6 June 2011
The only sound is the clink of a knife against someone’s plate. Everyone glances, then looks back down at nothing again.
It’s one of those really awkward breakfasts, where no-one really knows what to say to each other, that hasn’t happened to me in hostels before. So, here I am waiting awkwardly for my toast to come out of the toaster. My excuse is that I woke up fifteen minutes ago.
Granada is one of the last places in the country that has a noticeable Arabic influence from the once prominent Islamic population of Spain. There’s some old, old Arabic baths somewhere up in the mountains, of which I make my mission today. Just five minutes later in an outdoor shop I run into the French & Mexican couple I was speaking to earlier in the dorm. They experience more of my charming unpractised French, and join me in the mission uphill.
Until they meet some family friends from France that they didn’t even know were in Granada. “It looks like we’ll see you back at the hostel later this evening”
I walk off and up, stopping at a small river along the way, with little bridges crossing into nowhere. A big fortification overlooks the path up town. I hear some French, and look over to see the couple again, looking down to the river. In the space of just over an hour I’ve accidentally bumped into these people twice, and we just so happen to be going to the same place, so we head on up–again.
Each cobble-stone step we climb up I keep thinking to myself how I put this place as a ‘maybe’ on my list. It’s an incredible place. Countless tiny alleyways give a unique little frame to the mountain faces opposite. We get to the baths, immaculately tiled, and they are somewhat quieter than they would have been several hundred years ago. Once we reach a high point, the couple laugh at how I almost zoomed through this place, as a man starts strumming his nylon strings. There’s a'point of view’ as the Frenchman calls it, to Granada and other towns nestled below. From here it looks like you’re just looking down onto a small section of the globe. The song finishes and a pitter patter of rain becomes a proper downpour, cooling the big white tiles beneath us, so we hide under the terracing of the big white church.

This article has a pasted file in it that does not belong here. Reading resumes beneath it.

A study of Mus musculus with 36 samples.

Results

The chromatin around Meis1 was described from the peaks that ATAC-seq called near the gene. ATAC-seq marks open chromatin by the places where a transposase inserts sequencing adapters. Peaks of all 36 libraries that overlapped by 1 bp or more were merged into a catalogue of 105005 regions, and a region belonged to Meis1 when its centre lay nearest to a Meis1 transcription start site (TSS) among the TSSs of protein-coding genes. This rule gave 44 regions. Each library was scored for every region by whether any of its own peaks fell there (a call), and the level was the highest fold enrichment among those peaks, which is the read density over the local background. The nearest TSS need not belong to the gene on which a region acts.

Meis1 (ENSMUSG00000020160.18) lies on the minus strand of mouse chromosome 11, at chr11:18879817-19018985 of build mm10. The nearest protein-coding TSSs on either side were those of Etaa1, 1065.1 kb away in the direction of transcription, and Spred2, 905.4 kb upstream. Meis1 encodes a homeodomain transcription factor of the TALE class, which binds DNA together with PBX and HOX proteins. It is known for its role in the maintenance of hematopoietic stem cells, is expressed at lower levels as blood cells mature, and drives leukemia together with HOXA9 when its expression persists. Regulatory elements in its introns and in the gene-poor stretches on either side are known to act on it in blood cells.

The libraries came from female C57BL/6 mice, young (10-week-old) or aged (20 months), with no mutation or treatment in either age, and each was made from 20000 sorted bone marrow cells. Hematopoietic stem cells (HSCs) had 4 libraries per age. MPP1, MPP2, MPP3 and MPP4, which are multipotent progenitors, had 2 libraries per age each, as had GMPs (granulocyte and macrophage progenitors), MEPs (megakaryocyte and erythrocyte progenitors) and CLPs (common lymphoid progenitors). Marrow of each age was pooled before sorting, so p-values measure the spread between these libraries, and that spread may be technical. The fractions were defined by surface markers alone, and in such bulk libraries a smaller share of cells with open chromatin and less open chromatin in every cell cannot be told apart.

On our way down the Mexican’s obsession with all things Arabic lead us to finish the day at an Arabic tea house. They serve us some truly sweet tea under big round Turkish lights and hookahs all around. When I come to ask what they think of the tea, I realise I haven’t got anything to call them; we’ve spent all day without actually knowing each others’ names.
There’s Mexican Citlalmina and French Jean-Baptiste, who are probably the best-looking couple I’ve ever seen. When they aren’t reserved about themselves, they’re incredibly modest about the things they’ve done in their lives. French Jean-Baptiste works two months on a ship, managing crew, then two months off.‘So what is it actually like living on the water for two months?’ 'Well, sometimes it’s hard–it’s quite difficult, actually.’ 'Can you stay in touch with anybody?’ 'Sometimes we won’t have any phone or internet for over a month.’ Mexican Citlalmina works as a professional translator, Spanish & French. I still don’t know why she left Mexico, nor how these two people could ever have met. Then again, we all met each other somehow.
The rain isn’t really much of a novelty anymore. Granada completely shuts down when it’s raining, and the once bustling streets are just pathways for draining water. I’m wearing my jeans and rainjacket that I thought I wouldn’t need for at least two months, hood tightly up over my head.